ACCA Hong Kong has been long supporting the entering into more Comprehensive Avoidance of Double Taxation Agreements (CDTAs) and believes that the initial focus to sign such CDTA with Hong Kong’s trading partners is the right direction. This will help bring in true benefits from trade and investments. However we need to consider other strategic partners as we move on and the OECD’s minimum requirement in order not to be blacklisted.
As for TIEAs, it was the recommendation of the OECD Global Forum on Transparency and Exchange of Information for Tax Purposes (Global Forum) for Hong Kong to establish the legal framework for entering into TIEAs. In order not to expose Hong Kong to the unnecessary risk of economic sanctions in the absence of any TIEA powers or network, we agree to the proposal of having such a legal framework be put in place.
However, even when the legal framework for TIEAs is in place, we request that the government, as stated in paragraph 27 of the consultation document, will continue to give priority to CDTA negotiations and expansion of our CDTA network.
We have the following suggestions regarding the implementation of the framework.
- In choosing TIEA partners, we consider it important that Hong Kong only enters into TIEA with other countries with a mutual commitment to sign CDTAs in an agreed timeframe within a reasonable duration. We also recommend that upon the failure of the trading partner in meeting the time requirement to sign a CDTA, the TIEA already signed should be terminated. As such, Article 13 of the model TIEA on Termination should be cautiously considered.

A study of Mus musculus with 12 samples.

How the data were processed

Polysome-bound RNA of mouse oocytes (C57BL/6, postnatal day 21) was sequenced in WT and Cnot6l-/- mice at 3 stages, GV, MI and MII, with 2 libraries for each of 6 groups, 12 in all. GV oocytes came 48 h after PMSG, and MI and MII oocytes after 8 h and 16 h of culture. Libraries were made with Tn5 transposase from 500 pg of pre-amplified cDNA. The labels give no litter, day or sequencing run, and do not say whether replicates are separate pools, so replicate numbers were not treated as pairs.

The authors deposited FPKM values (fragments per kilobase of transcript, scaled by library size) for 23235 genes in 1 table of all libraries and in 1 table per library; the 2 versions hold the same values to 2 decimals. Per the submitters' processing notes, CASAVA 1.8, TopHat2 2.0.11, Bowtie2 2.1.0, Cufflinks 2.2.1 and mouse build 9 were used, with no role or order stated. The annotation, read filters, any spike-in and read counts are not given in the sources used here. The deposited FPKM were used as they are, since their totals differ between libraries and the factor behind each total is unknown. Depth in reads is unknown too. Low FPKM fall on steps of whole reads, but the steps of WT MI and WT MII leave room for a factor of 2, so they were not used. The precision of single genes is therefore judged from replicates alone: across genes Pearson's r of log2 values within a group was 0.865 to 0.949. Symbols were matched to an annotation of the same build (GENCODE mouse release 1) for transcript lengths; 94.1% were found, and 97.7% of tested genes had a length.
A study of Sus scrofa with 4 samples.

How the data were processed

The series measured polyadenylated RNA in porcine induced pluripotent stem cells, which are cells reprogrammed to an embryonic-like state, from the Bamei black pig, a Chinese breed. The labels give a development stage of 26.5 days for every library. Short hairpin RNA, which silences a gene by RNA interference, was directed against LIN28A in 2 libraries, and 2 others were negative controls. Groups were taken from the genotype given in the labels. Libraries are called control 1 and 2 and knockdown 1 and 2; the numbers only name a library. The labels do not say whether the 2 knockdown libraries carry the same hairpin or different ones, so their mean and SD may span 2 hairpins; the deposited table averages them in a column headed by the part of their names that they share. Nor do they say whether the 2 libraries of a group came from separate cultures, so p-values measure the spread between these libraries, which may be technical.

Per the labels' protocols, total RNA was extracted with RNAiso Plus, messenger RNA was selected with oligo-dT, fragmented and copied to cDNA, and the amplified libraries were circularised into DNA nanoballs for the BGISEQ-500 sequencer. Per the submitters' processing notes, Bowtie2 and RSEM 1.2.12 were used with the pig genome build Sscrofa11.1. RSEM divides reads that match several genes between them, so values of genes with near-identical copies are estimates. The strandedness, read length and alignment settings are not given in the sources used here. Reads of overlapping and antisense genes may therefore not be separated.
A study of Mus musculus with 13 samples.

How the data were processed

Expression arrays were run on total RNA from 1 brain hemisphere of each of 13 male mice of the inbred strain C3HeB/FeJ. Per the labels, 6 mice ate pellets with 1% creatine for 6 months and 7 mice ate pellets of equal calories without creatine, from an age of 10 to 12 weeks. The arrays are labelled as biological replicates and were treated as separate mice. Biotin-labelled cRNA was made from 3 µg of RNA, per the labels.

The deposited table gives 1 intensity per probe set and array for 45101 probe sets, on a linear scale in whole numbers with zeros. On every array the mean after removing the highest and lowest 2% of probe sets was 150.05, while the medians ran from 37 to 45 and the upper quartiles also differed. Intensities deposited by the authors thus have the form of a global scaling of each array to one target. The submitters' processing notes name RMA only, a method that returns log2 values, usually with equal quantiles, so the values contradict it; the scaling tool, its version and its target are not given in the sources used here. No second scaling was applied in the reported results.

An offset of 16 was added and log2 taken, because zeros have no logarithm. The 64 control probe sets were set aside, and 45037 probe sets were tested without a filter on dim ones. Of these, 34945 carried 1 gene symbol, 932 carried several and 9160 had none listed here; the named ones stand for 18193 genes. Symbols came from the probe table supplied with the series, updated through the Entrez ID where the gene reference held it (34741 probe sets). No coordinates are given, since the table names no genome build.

- We note that the government has already started but not yet finalised CDTA negotiations with a few countries. We consider even if there is a legal framework for TIEAs, it is not to shift the existing CDTA negotiation to a TIEA.
- In the model TIEA, the Commentary says that bilateral TIEA “will cover, at a minimum, the same four categories of direct taxes, unless both parties agree to waive one or more of them”. To minimise the resources implications to the Hong Kong government, we suggest that any TIEA that Hong Kong will enter into will only cover taxes which are common to both contracting parties.
- Taxpayer privacy is often cited as a matter of concern in exchange of information. To address this concern, it is critical that any exchange of information can only be conducted upon request and the safeguards of data confidentiality adopted under TIEA should not be less than those under the existing Exchange of Information (EoI) arrangement.
However, we consider it necessary for the Administration to ensure that there is no inconsistency or gap between the proposed TIEA to be entered into and other laws / regulations in Hong Kong concerning statutory protection of privacy.